Time (again) to take charge: Four practices for an uncertain eraBy Kathy Keeley | Georgia Nonprofit NOW, Spring 2017
First of all: It’s okay to be worried! To a certain extent, we all should be: With a new and unpredictable White House administration, we have entered a time of real uncertainty. We know that changes are coming in terms of the federal budget and the tax code – not to mention in policies that directly affect our missions – and we have little reason to believe those changes will be favorable to our work. But we also know that we’ve weathered times of change before, and that there are concrete steps we can take to manage, mitigate, and make the most of it.
It’s true that change is a constant, but it’s also true that change comes in waves – at present, it’s clear that we are riding one of the swells, with no way of knowing when it will crest, or where it will leave us. The good news is that the practices you’ve been using to deal with your changing environment will also serve you in a time of rising uncertainty – they simply require more “juice.” In general, the practices you need to lead through change fall into four categories: resiliency, sustainability, alliances, and advocacy.
The practices you’ve been using to deal with your changing environment will also serve you in a time of rising uncertainty – they simply require more “juice.”
Resiliency is being ready for setbacks, and recovering quickly: building a ladder down, rather than being forced off a cliff. That requires a clear strategy, including contingency plans for a range of possible scenarios – a practice that for-profit businesses know well, especially those working under less-than-stable governments. It also requires honing your change management skills, preparing the board for the possibilities, and making sure you have sound financial projections, both to get you through lean times and to let funders know you’re ready for them.
Sustainability is about more than an income statement: It’s about extending your reach, improving your effectiveness, and proving that you’re going to last. Though resiliency and alliances both contribute to sustainability, it depends heavily on resource development, considering everything that means, including the annual balance sheet and cash flow projections documenting how money moves through your organization. Be prepared to think about your return on investment (ROI) and more before you make decisions.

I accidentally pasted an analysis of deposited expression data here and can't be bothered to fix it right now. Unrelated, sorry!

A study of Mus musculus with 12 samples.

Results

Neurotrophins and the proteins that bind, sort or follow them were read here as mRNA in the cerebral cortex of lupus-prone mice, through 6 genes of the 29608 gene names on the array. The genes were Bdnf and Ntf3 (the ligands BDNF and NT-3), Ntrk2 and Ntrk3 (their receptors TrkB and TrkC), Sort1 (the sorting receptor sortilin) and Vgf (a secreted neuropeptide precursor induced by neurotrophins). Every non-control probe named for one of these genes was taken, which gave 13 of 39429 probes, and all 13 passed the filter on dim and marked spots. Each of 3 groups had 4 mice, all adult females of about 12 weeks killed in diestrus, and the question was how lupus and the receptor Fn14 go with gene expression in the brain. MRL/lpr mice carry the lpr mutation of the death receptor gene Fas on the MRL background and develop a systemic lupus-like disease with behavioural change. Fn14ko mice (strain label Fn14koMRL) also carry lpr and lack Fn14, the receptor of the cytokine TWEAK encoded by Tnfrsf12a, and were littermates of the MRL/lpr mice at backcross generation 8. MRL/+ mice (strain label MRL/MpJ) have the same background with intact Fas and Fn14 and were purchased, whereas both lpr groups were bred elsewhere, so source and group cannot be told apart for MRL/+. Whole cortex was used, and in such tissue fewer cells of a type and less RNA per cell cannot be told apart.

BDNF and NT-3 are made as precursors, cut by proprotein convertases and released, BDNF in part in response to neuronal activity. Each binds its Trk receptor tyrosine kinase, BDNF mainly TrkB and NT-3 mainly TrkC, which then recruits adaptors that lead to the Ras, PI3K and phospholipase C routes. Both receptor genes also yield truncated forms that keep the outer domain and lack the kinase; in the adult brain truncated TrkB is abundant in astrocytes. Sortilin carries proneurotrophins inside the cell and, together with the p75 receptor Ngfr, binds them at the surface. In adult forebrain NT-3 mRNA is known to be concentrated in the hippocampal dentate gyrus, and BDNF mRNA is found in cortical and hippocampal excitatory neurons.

Think in terms of targeted, organic working partnerships that extend your reach, multiply your impact, or provide a more complete set of services for your clients.
Alliances, in this context, don’t necessarily mean a formal collaboration, with all the trappings that implies. Instead, think in terms of targeted, organic working partnerships that extend your reach, multiply your impact, or provide a more complete set of services for your clients. You might connect with a like-minded organization to inform stakeholders about coming policy changes, or to make a joint appeal to legislators. You might share expertise with one agency providing behavioral health services and another providing employment services. Alliances are about extending the reach and impact of your work.
Advocacy is something you might not be accustomed to – maybe because you think that, as a nonprofit, you aren’t allowed. That’s far from true: Though there are restrictions on advocacy, you are only barred from endorsing a particular candidate and spending more than a certain percentage of your budget on lobbying. The truth is, it’s vital to the well-being of your organization and your mission to communicate your policy priorities to lawmakers and to your stakeholders, who can take up the cause for you. Unless you inform them, elected officials won’t know about your worth to the community and the economy, or how public funding and the tax code supports you – much less how pending legislation will harm or help. Reach out to the news media with a compelling story to share, and they’ll also aid your efforts to rally folks behind your cause.
Unless you inform them, elected officials won’t know about your worth to the community and the economy… much less how pending legislation will harm or help.
To help our members navigate the uncertain times ahead, we’ve launched a number of new initiatives this spring. We kicked off with a retooled Nonprofit CEO Peerspectives back in March, and complimentary scenario planning sessions with our Nonprofit Consulting Group team this spring. A workshop series called “Managing in Uncertain Times,” aimed at CEOs and board members, was held in locations around the state. Our Nonprofit Federal Issues Coalition will be distributing news on policy and budgets, convening groups representing nonprofit subsectors, establishing shared plans that make advocacy easy, meeting with donor groups and elected officials (in Georgia and Washington, D.C.), and undertaking a media campaign to engage the public. Sign up to be included, receive meeting and call-in information.
Keep up with us, and we’ll keep you in the know regarding everything coming down from the local and federal government, as well as everything coming up from the nonprofit sector, the grassroots community, our supporters, and those we support.
Kathy Keeley is executive vice president of programs and a senior consultant at GCN.